Robert Half Legal reports data in ACC Docket, Vol. 30, June 2008 at 52, that come from a “survey of 150 lawyers from among the largest corporations in the United States and Canada.” From the standpoint of reliability, are these lawyers of relatively similar seniority? How were the lawyers selected? What percentage of the lawyers who were invited took part?

Overall methodology aside, I really wonder about the results from one question: “Of the following, which would you say is your legal department’s single greatest business challenge today?”

Increased workloads 34%
Compliance or regulation issues 28%
Controlling litigation or outside counsel costs 24%
Budget restrictions 7%
Employment issues (e.g., hire, retain, morale) 6%
Don’t know 1%

Multiple-choice questions are problematic because if you omit choices that are important, your findings will be under a cloud (See my post of Dec. 3, 2007: tricky aspects of multiple-choice questions.). For example, some lawyers might feel that the biggest challenge they face is the growing complexity of their legal issues, management of knowledge, lack of teamwork, unreasonable clients, or ineptness of technology. None of those choices were available so do the results have much meaning?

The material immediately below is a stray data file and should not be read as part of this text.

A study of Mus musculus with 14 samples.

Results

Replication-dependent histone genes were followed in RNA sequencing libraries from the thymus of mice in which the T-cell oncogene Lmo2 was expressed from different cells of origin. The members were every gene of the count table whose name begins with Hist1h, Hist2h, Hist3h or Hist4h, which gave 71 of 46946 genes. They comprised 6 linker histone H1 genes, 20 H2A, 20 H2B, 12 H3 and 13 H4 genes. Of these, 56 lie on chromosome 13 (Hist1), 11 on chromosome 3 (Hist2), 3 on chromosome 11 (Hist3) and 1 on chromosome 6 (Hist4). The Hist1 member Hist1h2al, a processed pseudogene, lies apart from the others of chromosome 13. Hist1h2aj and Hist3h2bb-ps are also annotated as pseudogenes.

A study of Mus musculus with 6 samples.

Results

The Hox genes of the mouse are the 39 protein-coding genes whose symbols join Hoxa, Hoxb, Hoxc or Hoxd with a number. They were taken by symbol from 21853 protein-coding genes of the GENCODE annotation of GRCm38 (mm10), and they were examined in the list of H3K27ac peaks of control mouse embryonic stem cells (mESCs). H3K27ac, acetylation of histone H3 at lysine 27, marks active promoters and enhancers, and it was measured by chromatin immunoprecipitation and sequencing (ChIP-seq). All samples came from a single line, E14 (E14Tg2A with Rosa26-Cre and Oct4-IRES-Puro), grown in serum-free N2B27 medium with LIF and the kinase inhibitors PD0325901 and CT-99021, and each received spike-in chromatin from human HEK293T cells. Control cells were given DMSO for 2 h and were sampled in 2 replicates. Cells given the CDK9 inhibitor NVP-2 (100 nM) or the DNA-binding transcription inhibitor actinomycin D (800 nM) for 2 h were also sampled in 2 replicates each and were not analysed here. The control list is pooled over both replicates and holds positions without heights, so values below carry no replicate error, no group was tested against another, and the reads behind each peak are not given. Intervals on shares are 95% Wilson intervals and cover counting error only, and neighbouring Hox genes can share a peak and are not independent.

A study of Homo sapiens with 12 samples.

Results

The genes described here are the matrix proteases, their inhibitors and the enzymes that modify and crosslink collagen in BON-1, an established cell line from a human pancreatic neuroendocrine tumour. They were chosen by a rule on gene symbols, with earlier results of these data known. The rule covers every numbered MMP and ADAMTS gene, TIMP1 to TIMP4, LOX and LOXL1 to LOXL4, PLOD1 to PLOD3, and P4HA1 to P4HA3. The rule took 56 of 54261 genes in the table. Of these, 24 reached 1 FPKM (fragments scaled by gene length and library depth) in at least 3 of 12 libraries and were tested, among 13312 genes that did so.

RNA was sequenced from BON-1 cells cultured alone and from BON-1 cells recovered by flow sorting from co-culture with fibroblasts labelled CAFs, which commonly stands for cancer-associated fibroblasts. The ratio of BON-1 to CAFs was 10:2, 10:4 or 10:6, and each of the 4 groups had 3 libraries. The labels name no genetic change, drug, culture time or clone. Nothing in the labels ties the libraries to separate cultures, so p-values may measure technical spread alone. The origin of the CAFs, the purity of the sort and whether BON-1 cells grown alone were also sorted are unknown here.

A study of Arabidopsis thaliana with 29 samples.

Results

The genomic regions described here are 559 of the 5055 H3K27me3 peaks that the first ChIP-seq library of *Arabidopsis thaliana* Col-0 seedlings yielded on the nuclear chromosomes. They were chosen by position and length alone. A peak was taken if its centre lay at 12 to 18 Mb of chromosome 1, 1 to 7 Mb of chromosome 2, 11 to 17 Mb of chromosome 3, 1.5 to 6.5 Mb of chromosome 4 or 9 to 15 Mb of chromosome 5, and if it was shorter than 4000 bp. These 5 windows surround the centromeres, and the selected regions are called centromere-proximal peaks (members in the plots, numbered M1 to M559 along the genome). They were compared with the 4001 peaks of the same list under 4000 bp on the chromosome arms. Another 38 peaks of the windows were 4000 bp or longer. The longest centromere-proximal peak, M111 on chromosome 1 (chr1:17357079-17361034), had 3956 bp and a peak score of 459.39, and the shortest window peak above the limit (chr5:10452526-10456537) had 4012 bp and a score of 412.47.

More fundamentally, the choices available overlap. “Increased workloads” could mean employment issues such as hiring constraints or they could evidence an inability or unwillingness to hire outside counsel (See my post of May 21, 2008: “workload/time pressure” as top choice of an Australia/New Zealand survey.). “Compliance or regulation issues” presumably contribute to increased workloads. “Budget restrictions” make it more difficult to handle increased workloads and compliance/regulation issues. Beset by methodological and logical weaknesses, the metrics have little value.